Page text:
The Times - Serving Waitsburg, Dayton and the Touchet Valley

By Emma Philbrook
The Title 

Our 'Chief of the Grammar Police' gets the job!

 

So, you folks remember that writing contest thing at the law school I entered a couple months ago? Against all odds, I did well enough that I’ve got a new writing gig—Staff Editor at the Notre Dame Journal of Legislation.

Don’t be too impressed.

First of all, when I say against all odds, I mean against all odds. Really. I cried for about an hour straight after I turned in my finished product, finally calming myself down with the thought that my essay was bad enough to add some much-needed comic relief to the judging process. When the journal folks sent me an e-mail saying that they’d enjoyed my submission, I assumed that was what they were talking about. When they offered me a job, I figured they wanted to return the favor by giving me a good laugh. It took a bit of back-and-forth to figure out that they were serious.

Second of all, my roommate was working a part-time job while she wrote her entry and used the last day of the turn-in period to move out of her apartment. She now has a position with the Notre Dame Law Review, the most prestigious and selective journal at the law school. She’s the one you should be impressed with.

Third of all, “Staff Editor” does not entail kicking spit-shined shoes up on a mahogany desk and yelling for Peter Parker to go cover the latest Spider-Man sighting. (For one thing, Spider-Man sightings are not legislation. For another thing, spit-shining is generally a no-no in the age of coronavirus.) “Staff Editor” means a second-year law student hunched over their computer, squinting at lines of Times New Roman in search of misplaced commas and improper citation formatting. It means unglamorous things like late nights and massive e-mail chains and page-number double-checking. It means academic grunt work.

Naturally, I can’t wait to get started.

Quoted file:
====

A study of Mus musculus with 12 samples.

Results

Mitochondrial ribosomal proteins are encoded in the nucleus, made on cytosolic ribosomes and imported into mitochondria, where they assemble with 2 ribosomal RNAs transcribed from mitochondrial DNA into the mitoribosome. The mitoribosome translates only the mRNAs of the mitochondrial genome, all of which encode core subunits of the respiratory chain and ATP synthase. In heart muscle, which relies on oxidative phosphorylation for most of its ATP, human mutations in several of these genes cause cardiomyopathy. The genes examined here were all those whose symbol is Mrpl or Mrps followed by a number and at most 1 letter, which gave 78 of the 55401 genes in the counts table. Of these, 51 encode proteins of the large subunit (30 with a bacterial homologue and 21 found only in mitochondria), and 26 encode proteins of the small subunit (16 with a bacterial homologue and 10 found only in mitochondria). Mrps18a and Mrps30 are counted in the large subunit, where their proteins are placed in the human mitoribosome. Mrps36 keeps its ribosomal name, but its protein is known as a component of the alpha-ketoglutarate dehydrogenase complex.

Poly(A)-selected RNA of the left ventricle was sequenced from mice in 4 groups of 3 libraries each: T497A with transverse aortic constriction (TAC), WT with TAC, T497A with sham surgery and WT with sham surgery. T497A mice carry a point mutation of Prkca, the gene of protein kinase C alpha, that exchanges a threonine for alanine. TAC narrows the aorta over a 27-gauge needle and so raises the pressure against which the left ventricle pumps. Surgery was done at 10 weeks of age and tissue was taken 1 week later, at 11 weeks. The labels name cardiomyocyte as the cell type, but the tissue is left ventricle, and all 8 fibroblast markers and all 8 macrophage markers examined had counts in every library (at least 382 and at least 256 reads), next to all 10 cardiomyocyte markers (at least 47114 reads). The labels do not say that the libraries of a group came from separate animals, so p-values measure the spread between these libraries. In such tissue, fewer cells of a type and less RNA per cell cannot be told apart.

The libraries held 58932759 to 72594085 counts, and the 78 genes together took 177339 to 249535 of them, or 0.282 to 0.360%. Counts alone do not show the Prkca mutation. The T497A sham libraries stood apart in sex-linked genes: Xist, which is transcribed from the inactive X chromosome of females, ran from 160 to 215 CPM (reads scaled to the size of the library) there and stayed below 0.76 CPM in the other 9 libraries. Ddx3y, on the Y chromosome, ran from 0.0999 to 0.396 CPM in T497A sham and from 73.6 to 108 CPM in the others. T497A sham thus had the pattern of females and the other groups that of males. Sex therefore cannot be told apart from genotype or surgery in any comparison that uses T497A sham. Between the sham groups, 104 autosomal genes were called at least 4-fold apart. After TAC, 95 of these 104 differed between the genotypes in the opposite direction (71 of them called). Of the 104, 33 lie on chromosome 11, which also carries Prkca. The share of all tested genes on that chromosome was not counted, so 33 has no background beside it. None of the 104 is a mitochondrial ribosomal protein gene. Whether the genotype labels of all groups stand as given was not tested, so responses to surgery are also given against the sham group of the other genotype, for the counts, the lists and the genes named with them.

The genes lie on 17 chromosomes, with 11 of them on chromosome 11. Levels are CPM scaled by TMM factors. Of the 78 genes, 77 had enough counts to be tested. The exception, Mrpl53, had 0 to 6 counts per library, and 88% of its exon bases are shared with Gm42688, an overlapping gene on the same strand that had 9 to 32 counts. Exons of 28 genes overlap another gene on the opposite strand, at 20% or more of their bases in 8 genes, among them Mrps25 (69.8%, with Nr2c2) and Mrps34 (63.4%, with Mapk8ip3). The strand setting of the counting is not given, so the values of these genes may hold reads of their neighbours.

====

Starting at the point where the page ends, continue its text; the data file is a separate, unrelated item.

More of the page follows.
I’m dead serious. Really. Ask any of the poor saps who had the misfortune of being my peer-editing partner in high school or college—am thorough and merciless in my markings-up. I am the queen of the nitpickers, the overlord of the overthinkers, and the un-defundable chief of the grammar police. (Before you feel the need to verify these claims against my previous written work, recall a certain saying about the cobbler’s children. Also, any mistakes you find could easily have been inserted by my editor and/or a hostile foreign power. Also, it’s a pandemic and we should all cut each other slack, right?)

Above and beyond all that, I myself am such an exceedingly tedious person as to be immune to the effects of tedium from outside sources. I will delete your commas, move your periods, and individually count the number of spaces between your sentences. I will do this for hours on end without losing the will to live. Why? Because I peruse court filings for fun and once stayed home from a football game to peel a pound of garlic, that’s why.

Of course, you wouldn’t see me complaining anyway. This is a straight-up miracle, folks. Did the Israelites complain about manna when God dropped it into their laps? (Wait, I just checked my Bible…better find a different metaphor.) Did they gripe that it was too long a walk across the Red Sea? (Someone probably did, but there’s no written record of that, so…) No! They gave thanks for the miracle and marched on towards a bright future—and I, with my red pen in hand, shall do the same.

All of us at the Times want to congratulate Emma on this well deserved honor.